Almost 400 families in Dublin have been living in emergency accommodation for more than one year - new figures
Almost 400 families in Dublin have been living in emergency accommodation for more than a year.
New figures due to be discussed at a meeting of the Dublin City Council Housing Strategic Policy Committee (SPC) on Friday show that there are currently 398 families living in emergency accommodation for 12 months or more.
This accounts for 39.5pc of all homeless families in the capital. According to the latest report there are 1,007 families living in emergency accommodation, including 2,046 children.
The vast majority of these children (1,551) are living in hotels, while the rest are living in B&Bs and other types of emergency accommodation.
Just shy of €40m was spent on hotels to accommodate homeless people in 2016. A total of 190 hotels were used by the Dublin Regional Homeless Executive which co-ordinates homeless services for Dublin city and county.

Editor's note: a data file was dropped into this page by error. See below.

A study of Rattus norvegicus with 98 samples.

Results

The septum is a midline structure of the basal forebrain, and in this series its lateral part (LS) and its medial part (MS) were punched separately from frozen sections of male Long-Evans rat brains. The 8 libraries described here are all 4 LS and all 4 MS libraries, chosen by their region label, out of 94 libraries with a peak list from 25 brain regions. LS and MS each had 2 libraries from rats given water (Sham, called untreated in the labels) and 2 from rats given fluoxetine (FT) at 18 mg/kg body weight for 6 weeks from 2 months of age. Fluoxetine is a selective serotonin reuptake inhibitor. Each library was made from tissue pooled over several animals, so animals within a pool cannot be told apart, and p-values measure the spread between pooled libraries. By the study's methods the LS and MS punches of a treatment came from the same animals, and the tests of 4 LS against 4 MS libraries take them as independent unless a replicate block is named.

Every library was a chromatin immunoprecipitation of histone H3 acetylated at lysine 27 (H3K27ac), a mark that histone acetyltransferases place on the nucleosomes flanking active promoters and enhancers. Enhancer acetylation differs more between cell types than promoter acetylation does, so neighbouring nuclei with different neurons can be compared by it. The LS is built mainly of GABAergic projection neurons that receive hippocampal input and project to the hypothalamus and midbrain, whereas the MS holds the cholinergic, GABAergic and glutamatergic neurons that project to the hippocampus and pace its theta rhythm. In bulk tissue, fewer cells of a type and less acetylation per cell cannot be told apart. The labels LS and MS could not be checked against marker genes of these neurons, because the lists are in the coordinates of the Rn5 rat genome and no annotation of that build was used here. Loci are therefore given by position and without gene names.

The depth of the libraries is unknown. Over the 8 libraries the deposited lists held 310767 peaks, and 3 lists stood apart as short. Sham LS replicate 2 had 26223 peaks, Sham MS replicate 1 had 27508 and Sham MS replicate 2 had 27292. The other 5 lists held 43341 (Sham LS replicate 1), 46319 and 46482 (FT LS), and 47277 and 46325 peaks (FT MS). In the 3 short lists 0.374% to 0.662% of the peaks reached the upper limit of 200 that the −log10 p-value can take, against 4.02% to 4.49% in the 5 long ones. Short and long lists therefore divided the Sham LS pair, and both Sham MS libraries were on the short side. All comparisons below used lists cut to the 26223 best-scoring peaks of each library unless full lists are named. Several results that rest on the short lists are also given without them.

Sinn Fein councillor Daithi Doolan, who chairs the Housing SPC, said the number of families stuck in emergency accommodation for more than one year was "unacceptable".
"This is unacceptable. Minister for Housing has claimed there will not be any families in hotel accommodation by July this year," Cllr Doolan said.
"I wished no families had to be homeless or in emergency accommodation ever but to expect hotels to be empty within three months is totally unrealistic.
"Dublin City Council simply do not have the housing to meet the needs of these families. I am concerned families will be forced back into private accommodation, which has become a gateway to homelessness."
Minister Simon Coveney has pledged to tackle the homelessness crisis and move people out of hotels by mid-2017 and in January he defended the timeline, stating that the Government was "ahead of schedule" when it came to the Rebuilding Ireland plan.